In a country rapidly losing its trees because of expanding farming, Maria Augustina Sute waves a tin watering can over rows of seedlings in a nursery cooperative nearby, covering them with a nourishing shower.
When they are a few inches tall, they will be distributed in little plastic sacks without cost to members of the cooperative, one of the few in Guatemala. The members sell some seedlings for cash and plant others on their tiny farm plots.
"For the future, we plant the trees; we sell [some] for money for our children," says another member of the cooperative, Elauteria Taxiday Tubac. "We are trying to help our husbands. The little our men earn is not enough."
The results of massive tree loss are devastating, as seen by the extensive parched lands in once tree-covered areas of Haiti. "According to our ancestors, where there are trees, there is rain," says Nicolas Tubac, who also volunteers in the nursery cooperative.
Mr. Tubac cites the age-old problem of poor farmers and the need for trees: the needs of today versus the needs of tomorrow. Farmers in many countries, including Guatemala, use a slash-and-burn method, clearing trees from land for new farms as soil wears out on the old farms.
With Guatemala's 11.2 million population expected to double in 23 years, land is becoming more scarce. Yet Tubac's ancestors knew trees were important, and so does he.
"We need to reforest, but we also need trees for firewood and to build houses," he says.
This is the challenge a small, mostly Guatemalan-run private organization, called the Alliance for International Reforestation (AIR), is trying to meet. Since 1993, it has provided seedlings and training to some 325 families in 19 communities. Total production from all the nurseries is about 100,000 seedlings a year.
A portion of the seedling sales is retained by the cooperatives AIR sponsors to restock their nurseries and eventually become self-sufficient. Members vote on whether or not to sell some seedlings for their income.
"The philosophy behind AIR is reforestation," says Eladio Iquique Socoy, an employee of the Guatemala Ministry of Agriculture who is on loan to AIR as a tree-planting and education specialist. "People work together. We distribute trees according to how much they worked. This is the rule."
Mr. Iquique is also an expert on fruit trees and is teaching villagers how to plant a variety of them. The tiny parcel of land around his home is a living classroom. He shows his visitors his fruit trees and explains his system of organic tree care. "We're pushing organic because the life of the people here has been very difficult. Chemical fertilizers are very expensive," he says.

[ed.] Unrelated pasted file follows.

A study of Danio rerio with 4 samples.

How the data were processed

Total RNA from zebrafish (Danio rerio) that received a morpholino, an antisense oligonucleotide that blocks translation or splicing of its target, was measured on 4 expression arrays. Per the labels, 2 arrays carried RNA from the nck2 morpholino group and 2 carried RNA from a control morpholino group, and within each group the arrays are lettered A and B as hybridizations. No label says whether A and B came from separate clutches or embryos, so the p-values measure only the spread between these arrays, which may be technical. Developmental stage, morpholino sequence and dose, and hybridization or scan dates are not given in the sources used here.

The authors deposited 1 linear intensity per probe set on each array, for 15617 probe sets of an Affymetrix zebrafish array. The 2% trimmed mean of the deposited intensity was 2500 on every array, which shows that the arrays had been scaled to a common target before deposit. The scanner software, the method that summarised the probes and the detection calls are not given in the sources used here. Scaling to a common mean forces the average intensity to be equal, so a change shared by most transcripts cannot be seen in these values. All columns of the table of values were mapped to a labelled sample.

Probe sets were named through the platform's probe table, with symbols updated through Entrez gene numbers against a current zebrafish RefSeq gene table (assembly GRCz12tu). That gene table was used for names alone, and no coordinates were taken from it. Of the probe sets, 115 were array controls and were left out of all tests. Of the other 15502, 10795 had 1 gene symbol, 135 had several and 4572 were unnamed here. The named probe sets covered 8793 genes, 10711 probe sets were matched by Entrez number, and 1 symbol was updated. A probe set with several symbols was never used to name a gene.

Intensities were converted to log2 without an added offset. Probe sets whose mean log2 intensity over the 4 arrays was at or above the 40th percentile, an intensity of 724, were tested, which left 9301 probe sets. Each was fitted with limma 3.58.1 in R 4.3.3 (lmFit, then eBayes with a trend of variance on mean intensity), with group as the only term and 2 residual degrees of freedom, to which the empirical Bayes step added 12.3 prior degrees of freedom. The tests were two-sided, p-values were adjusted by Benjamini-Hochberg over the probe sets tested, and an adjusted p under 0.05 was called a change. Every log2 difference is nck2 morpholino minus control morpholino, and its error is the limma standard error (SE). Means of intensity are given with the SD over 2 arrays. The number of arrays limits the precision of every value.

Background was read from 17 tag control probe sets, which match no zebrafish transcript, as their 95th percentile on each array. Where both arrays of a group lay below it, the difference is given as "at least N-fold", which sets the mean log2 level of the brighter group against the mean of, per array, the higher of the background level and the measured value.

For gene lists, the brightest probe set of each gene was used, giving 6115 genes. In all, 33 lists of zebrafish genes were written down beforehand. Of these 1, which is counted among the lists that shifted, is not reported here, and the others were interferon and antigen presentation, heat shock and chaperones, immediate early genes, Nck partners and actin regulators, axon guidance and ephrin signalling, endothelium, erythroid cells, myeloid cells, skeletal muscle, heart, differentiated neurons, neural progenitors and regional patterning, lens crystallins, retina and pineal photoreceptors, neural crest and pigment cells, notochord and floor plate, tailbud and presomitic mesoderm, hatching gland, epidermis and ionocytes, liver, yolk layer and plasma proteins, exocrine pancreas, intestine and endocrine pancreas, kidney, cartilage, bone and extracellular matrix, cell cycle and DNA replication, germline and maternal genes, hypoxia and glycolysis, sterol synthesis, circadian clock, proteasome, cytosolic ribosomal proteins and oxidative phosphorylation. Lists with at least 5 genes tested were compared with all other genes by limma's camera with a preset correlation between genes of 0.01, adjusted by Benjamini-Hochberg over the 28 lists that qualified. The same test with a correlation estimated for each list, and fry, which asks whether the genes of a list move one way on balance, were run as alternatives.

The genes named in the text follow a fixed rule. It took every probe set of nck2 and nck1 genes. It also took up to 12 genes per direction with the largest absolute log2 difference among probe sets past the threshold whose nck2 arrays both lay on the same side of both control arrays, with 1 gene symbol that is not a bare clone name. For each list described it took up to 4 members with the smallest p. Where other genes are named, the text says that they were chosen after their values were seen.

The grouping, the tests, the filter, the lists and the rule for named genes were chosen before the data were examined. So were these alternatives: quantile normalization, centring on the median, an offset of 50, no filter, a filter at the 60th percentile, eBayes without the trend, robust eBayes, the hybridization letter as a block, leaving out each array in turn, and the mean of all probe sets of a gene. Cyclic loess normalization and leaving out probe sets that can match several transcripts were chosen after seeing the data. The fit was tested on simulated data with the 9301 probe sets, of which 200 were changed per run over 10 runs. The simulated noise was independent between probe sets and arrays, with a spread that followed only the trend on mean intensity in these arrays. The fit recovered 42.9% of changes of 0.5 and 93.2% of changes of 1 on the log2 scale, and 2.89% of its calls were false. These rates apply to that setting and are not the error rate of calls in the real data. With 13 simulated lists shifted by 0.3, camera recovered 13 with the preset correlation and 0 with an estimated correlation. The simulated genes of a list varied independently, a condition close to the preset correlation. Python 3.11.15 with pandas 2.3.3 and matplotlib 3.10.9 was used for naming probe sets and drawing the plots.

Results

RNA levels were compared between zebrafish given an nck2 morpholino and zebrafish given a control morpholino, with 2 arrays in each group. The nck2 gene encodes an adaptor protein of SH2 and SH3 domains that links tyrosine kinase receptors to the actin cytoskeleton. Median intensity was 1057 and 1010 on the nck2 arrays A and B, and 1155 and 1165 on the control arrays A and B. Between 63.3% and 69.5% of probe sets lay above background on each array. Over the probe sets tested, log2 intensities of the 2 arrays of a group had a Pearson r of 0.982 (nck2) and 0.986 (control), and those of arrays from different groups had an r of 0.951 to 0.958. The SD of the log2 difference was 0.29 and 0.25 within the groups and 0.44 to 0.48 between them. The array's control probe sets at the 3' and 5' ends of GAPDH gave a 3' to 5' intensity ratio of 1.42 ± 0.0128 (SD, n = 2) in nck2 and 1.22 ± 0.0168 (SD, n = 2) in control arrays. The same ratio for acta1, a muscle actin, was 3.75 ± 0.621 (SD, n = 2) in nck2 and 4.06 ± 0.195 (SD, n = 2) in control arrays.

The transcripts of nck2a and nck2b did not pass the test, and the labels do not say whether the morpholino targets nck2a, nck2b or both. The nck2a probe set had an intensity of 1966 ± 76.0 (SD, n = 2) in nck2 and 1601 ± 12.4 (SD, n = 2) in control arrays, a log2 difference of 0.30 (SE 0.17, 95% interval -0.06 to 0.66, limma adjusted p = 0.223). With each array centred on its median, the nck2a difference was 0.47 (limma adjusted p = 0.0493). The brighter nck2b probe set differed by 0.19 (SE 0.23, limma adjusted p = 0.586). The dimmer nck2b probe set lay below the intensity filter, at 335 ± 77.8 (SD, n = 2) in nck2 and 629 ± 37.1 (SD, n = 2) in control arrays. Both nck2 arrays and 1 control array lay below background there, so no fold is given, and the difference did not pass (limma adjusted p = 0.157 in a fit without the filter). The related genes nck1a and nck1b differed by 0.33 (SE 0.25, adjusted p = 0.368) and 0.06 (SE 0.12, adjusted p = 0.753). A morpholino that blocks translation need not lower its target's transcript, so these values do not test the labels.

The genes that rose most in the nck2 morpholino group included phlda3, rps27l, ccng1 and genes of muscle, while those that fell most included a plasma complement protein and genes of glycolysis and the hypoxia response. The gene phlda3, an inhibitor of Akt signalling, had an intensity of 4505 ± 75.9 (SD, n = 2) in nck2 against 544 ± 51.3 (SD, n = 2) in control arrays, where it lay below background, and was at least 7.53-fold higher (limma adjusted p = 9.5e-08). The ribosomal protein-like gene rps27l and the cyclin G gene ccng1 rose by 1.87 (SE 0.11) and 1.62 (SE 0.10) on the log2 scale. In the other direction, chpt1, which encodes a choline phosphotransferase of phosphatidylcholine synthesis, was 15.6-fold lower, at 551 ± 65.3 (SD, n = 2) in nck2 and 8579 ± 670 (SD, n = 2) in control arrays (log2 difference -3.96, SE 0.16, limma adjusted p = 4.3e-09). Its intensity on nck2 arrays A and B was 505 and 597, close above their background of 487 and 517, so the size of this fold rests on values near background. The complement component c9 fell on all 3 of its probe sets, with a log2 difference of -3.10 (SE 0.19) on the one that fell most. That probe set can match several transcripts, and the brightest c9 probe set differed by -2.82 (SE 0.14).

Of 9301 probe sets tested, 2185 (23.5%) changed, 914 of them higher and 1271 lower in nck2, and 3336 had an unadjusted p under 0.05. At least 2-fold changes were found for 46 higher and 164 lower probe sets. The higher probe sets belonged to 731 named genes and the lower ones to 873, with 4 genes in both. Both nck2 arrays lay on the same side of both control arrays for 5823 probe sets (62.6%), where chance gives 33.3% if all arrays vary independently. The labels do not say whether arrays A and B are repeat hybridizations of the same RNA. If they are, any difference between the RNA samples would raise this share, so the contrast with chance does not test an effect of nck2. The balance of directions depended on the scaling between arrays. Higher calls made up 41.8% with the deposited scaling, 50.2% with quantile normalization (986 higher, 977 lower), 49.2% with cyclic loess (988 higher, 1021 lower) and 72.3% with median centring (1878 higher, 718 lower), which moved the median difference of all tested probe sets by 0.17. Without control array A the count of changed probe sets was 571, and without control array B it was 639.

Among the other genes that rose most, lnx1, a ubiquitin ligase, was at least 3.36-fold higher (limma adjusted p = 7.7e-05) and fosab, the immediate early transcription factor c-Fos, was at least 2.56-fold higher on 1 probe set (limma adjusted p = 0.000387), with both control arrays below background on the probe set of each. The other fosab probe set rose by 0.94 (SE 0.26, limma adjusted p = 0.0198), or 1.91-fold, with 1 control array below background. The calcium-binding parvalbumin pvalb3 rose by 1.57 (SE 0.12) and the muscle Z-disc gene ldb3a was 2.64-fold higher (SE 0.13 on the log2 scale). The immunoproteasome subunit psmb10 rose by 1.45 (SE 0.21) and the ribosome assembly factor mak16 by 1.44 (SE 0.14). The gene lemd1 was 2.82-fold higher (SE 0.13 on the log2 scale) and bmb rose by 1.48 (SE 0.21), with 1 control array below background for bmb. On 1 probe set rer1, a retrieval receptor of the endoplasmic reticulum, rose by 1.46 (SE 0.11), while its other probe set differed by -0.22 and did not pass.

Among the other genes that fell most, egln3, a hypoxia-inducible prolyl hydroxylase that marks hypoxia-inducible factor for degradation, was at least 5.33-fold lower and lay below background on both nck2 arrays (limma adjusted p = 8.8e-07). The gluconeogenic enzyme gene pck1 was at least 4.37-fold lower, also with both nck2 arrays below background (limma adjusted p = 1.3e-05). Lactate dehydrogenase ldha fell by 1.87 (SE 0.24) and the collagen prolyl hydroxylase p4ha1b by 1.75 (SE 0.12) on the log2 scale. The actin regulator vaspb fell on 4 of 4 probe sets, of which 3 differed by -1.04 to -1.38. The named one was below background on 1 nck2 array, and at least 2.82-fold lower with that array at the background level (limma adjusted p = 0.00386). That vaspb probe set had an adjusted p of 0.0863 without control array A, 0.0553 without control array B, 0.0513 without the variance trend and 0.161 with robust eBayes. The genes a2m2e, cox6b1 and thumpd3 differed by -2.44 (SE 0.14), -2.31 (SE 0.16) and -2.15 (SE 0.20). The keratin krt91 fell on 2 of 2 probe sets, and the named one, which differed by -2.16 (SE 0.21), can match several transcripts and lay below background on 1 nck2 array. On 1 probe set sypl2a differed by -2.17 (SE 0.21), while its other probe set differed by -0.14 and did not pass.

For natural fertilizer to help his fruit trees grow, he uses manure from his goats, chickens, pigs, cows, and horses, plus cornstalks and tree leaves.
Tree planting can cut farming costs, says Chris Wunderlich, AIR executive director who is from the United States but lives in nearby San Miguel. Many Guatemala farmers "spend more on chemicals [for crop production] than they make on the harvest," he says. Trees not only provide shade for crops but also add nitrogen to soil, slow erosion, and provide leaves as mulch, says Iquique.
Many commercial nurseries exist in Guatemala, but most farmers cannot afford to buy the seedlings or young trees. So far there are few programs such as AIR that make seedlings available free to volunteer laborers in the nursery cooperatives.
AIR has a number of other related projects, including instructing primary school teachers in Chimaltenango on how to educate children about tree care and planting. AIR operates on a budget of approximately $30,000 a year, raised from donors primarily in the US.
"In working with Mayan indigenous in Guatemala, it's very easy to explain the need for trees because they really already know it," says Anne Hallum, a political-science professor at Stetson University in DeLand, Fla., who started the program. "It doesn't take a great deal of education, just assistance that a small organization like AIR can provide."
Guatemala is still losing far more trees each year than are planted. But with a rejuvenated government protection and education program in its tropical forests in the north, and the expanding work of AIR in the south, the Tubacs and a growing number of other Mayan descendants are heeding their ancestors' advice to safeguard the trees.